Festival aims to help youth fight crime

Victor Mecoamere

Victor Mecoamere

Preaching to the youth about the folly of crime is a futile exercise unless youngsters are made an active, leading part of the anti-crime chorus.

Among the many youth development programmes tackling crime and criminality is the 12th annual Stop Crime Drama Festival, taking place at the Mmabana Cultural Centre in Mmabatho, North West, over four days from March 29.

Its pioneers are writers, actors and directors Martin Koboekae and Julian Seleke Mokoto of Dramatists Against Crime.

It is supported by the Absa Foundation, North West Arts and Culture Department, National Arts Council, Sowetan, and the Aggrey Klaaste Nation Building Foundation.

Nine groups have qualified for the festival and prizes for the best production, script, director, actor and for most promising production, namely:

lChanges, directed by Percy Mothuping;

lSex Minus Caps Equals Aids, directed by Mzwakhe Kgagodi;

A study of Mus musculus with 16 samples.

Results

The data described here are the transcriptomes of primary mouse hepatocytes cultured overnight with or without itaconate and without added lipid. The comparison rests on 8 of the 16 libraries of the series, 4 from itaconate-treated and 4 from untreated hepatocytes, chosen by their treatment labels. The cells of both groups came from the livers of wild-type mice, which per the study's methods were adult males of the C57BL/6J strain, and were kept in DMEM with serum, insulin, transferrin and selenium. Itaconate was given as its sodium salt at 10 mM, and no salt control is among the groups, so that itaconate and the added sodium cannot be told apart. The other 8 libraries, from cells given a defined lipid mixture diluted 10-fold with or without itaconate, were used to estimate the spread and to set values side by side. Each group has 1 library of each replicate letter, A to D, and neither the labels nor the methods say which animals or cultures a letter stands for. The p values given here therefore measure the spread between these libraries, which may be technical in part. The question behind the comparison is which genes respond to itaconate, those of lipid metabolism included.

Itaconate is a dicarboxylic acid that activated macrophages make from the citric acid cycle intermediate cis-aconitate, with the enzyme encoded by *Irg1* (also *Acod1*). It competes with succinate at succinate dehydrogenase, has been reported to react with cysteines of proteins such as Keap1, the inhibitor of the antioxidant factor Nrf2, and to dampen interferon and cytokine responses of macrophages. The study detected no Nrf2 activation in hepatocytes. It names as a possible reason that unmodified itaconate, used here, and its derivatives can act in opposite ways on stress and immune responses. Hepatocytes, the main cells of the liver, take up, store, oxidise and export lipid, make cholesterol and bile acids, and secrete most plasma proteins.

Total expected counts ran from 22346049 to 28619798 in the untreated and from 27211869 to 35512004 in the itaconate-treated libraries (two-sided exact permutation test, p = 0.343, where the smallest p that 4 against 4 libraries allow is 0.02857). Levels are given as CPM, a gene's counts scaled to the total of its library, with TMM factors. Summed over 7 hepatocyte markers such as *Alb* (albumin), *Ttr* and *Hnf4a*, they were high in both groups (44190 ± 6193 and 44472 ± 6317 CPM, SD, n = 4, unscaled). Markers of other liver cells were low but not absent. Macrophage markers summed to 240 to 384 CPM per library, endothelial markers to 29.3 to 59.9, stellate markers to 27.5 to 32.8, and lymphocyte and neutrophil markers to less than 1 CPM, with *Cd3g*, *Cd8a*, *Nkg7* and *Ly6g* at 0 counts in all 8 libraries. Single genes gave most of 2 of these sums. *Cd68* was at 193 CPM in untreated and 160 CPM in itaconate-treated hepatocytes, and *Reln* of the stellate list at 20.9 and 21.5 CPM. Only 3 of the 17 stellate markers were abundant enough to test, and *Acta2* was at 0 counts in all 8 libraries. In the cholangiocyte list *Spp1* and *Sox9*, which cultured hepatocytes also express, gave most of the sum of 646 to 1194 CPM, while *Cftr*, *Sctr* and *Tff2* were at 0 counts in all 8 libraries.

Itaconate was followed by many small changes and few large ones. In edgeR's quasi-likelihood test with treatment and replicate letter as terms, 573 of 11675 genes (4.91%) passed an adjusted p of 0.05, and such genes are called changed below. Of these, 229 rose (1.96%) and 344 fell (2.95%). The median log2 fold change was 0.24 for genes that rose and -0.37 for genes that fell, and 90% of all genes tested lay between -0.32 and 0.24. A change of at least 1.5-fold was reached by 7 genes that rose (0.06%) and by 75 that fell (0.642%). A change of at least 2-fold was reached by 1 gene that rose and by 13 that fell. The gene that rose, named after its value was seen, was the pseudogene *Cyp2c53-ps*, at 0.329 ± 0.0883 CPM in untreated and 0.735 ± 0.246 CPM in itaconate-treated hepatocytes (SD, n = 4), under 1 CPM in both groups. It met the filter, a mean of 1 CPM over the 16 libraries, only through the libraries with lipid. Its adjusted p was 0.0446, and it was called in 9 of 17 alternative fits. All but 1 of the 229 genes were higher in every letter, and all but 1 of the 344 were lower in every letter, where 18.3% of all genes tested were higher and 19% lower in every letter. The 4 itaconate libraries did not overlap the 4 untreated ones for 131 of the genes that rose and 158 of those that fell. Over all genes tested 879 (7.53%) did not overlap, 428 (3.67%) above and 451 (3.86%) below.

lDark side of life, directed by Kagiso Montoedi;

lJozi Maboneng, directed by Moeketsi Mafe;

lYour Face, directed by Rapula Khumalo;

lBokgoni, directed by Lebogang Ntsie;

lMinister, Deputy President, directed by Godfrey Thobejane;

lCell No: 4, directed by Presley Chweneyagae; and

lCheka Daai Ding, directed by Lebogang Inno.

Old hands who will help to improve the quality and standard of these plays include Danny Jason, Mzokes Thwane, Ntshieng Mokgoro and Monde Mayephu.

Three guest productions by professional writers, directors and casts will be performed during the festival's non-competitive segment.

These are Selaelo Maredi's The Core, Ntshieng Mokgoro's Thursday's Child and Danny Jason's Black Age.